All those ‘blessings’ at the beginning of the Sermon on the Mount (Matthew 5. 1 – 12 is the reading for today …) have always been a puzzle to me.
I preached on this passage for the induction of a pastor, and in doing so discovered some very helpful things about how this passage works, and its image of Jesus, and of God.
When I began to think about this passage, a strange image came into my head: it is from one of those Jesus movies, I can’t recall which, you know, the Hollywood efforts to present the Jesus story, usually mixing up the gospel stories. But Jesus is always a tall, handsome fellow who has just been to the hair-dressers, has blue eyes and is the all-American guy.
But what I especially remember about this one movie was the time Jesus announced these beatitudes:
In the movie, Jesus was walking along with his group of followers, and he came into this
large open valley, where there was a village, and people everywhere:
some ploughing the land, some fishing by the lake, others doing the
washing, kids minding animals or playing, life going on: and in walked
Jesus, and suddenly, instantaneously, everyone stopped: they all looked
to him, and he just began: Blessed are the poor in spirit, for theirs
is the kingdom of heaven …
They were all rapt, immediately drawn to him: they hung upon his every word.
And isn’t this just what we would want to happen? Don’t we dream of the
time when the words of Jesus just grab people’s attention, and they
want to hear him, and see the wisdom and power of his words?
And yet, as I think about that film and its presentation of Jesus, and
then when I read the Gospels, I feel there is something quite
ridiculous about it.
It’s not the all-American guy, with his blue eyes and lovely hair,
though that’s a bit of the problem: I think it’s the idea that Jesus
just drops in, almost as if he just dropped out of the sky, and he
suddenly announces these things, like a script he has learned, and the
words come from no-where; they just land there.
In fact, that is not what the Gospel tells us.
What we call the Sermon on the Mount didn’t just happen. It came from
somewhere. It’s as simple as this: Chapter five comes after chapter 4.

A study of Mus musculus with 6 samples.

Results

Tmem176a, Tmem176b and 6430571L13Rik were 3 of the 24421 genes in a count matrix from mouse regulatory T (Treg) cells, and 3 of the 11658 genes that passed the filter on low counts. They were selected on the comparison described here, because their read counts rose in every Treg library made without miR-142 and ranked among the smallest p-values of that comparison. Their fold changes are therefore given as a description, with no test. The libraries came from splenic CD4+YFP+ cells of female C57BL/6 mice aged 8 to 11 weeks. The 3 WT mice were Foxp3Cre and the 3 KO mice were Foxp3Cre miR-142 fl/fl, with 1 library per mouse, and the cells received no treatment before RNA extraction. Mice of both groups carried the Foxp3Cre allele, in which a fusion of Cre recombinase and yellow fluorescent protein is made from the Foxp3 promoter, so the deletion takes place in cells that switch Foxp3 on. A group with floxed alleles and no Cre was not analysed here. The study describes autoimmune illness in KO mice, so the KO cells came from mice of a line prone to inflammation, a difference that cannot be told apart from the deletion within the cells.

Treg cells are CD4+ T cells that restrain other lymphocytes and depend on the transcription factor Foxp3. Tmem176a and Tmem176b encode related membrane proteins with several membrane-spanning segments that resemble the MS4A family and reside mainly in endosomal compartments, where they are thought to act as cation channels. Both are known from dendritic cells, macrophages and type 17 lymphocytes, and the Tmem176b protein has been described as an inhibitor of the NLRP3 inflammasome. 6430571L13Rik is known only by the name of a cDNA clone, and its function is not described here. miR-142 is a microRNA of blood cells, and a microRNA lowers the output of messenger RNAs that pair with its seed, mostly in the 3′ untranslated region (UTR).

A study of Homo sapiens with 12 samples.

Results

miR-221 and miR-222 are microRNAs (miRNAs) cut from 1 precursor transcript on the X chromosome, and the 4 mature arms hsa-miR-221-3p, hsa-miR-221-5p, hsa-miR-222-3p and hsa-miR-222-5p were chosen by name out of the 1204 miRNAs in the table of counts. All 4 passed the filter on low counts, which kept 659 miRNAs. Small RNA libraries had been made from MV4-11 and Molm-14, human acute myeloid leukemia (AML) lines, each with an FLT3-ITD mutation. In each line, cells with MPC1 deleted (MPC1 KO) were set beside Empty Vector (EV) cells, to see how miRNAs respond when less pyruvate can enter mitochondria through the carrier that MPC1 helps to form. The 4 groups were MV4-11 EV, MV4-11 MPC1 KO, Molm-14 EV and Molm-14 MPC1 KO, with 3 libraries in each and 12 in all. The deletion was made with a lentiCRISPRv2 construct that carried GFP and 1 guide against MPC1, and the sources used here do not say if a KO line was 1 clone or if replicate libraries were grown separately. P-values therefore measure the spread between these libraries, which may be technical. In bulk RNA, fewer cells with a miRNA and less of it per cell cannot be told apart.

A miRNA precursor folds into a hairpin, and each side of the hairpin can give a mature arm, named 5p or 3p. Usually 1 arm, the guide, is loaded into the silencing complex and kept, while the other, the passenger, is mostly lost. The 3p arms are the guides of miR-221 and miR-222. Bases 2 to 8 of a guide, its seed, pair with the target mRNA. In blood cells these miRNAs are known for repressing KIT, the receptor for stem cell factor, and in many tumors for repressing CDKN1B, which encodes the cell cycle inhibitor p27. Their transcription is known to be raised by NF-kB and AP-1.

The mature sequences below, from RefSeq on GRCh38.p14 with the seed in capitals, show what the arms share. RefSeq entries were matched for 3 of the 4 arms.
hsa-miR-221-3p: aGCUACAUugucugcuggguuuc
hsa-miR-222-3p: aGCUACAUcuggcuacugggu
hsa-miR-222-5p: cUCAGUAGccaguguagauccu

(Of course, when the Gospel texts were written, they had no chapters, or verse numbers. They were all added centuries later.)
To grasp the meaning of this wonderful passage, the Beatitudes, we need
especially to look to the later part of chapter 4, where I see three
significant things, valuable as a model for ministry today.
v. 23 ‘Jesus went throughout Galilee, teaching in their synagogues and
proclaiming the good news of the kingdom and curing every disease and
every sickness among the people.’
This tells me about a pastor, and a preacher, who finds his ministry
with and among the people. Great preachers have always been pastors,
who discovered the word of God with and for their people.
There is a close inter-relationship of preaching and pastoral care,
which is too often neglected by our current models of ministry. Jesus
was with the people, bringing them the Good news, and sharing in their
hurts, their need for forgiveness, healing and hope.
That is where these beatitudes come from. That’s how he came to see
that the poor in spirit are truly blessed: the kingdom of God is for
them, with them and they are the ones who truly welcome it.
Next, a little further back, we see that Jesus didn’t do this solo,
alone: in verse 18 and following, we read that as he went around
Galilee, he called the first disciples.
This is fascinating and new: at the time of Jesus, rabbis or teachers,
had disciples. But usually the disciples would find the teacher, and
ask whether they could join that rabbi’s circle—Quite literally a
circle; they would sit down to teach. But here Jesus the rabbi went to
the disciples and asked them, to come with him, and not to sit down,
but to go with him, and to fish for people.
Jesus went out and got people, who would also go out and get people.
And the people he went to were ordinary, working people, who knew what
a joy, what a blessing it was, to go with Jesus. They too were part of
the background to these beatitudes: how blessed are those who hunger
and thirst for righteousness; they will be filled; how blessed are the
merciful, for they shall receive mercy.
And then there’s a third element in the background: we read at the end
of the chapter that the impact of Jesus’ ministry reached out to
include people from the whole district, and wider still: the ten cities
along the coast, the Decapolis, and down south to Jerusalem, and the
regions beyond the Jordan This ministry is not narrow, and insular: it
reaches out, and people from all over see that there’s something here
for them. God is not holed up in the temple, up there in the city. God
is not just for the priests and the powerful: Jesus shows that God is
their God, God of the little people: and so you see he is able to
declare: Blessed are the meek, for they shall inherit the earth: they
will find a home in God’s world; blessed are the pure in heart, they
shall see God: God with them, among them, even in them.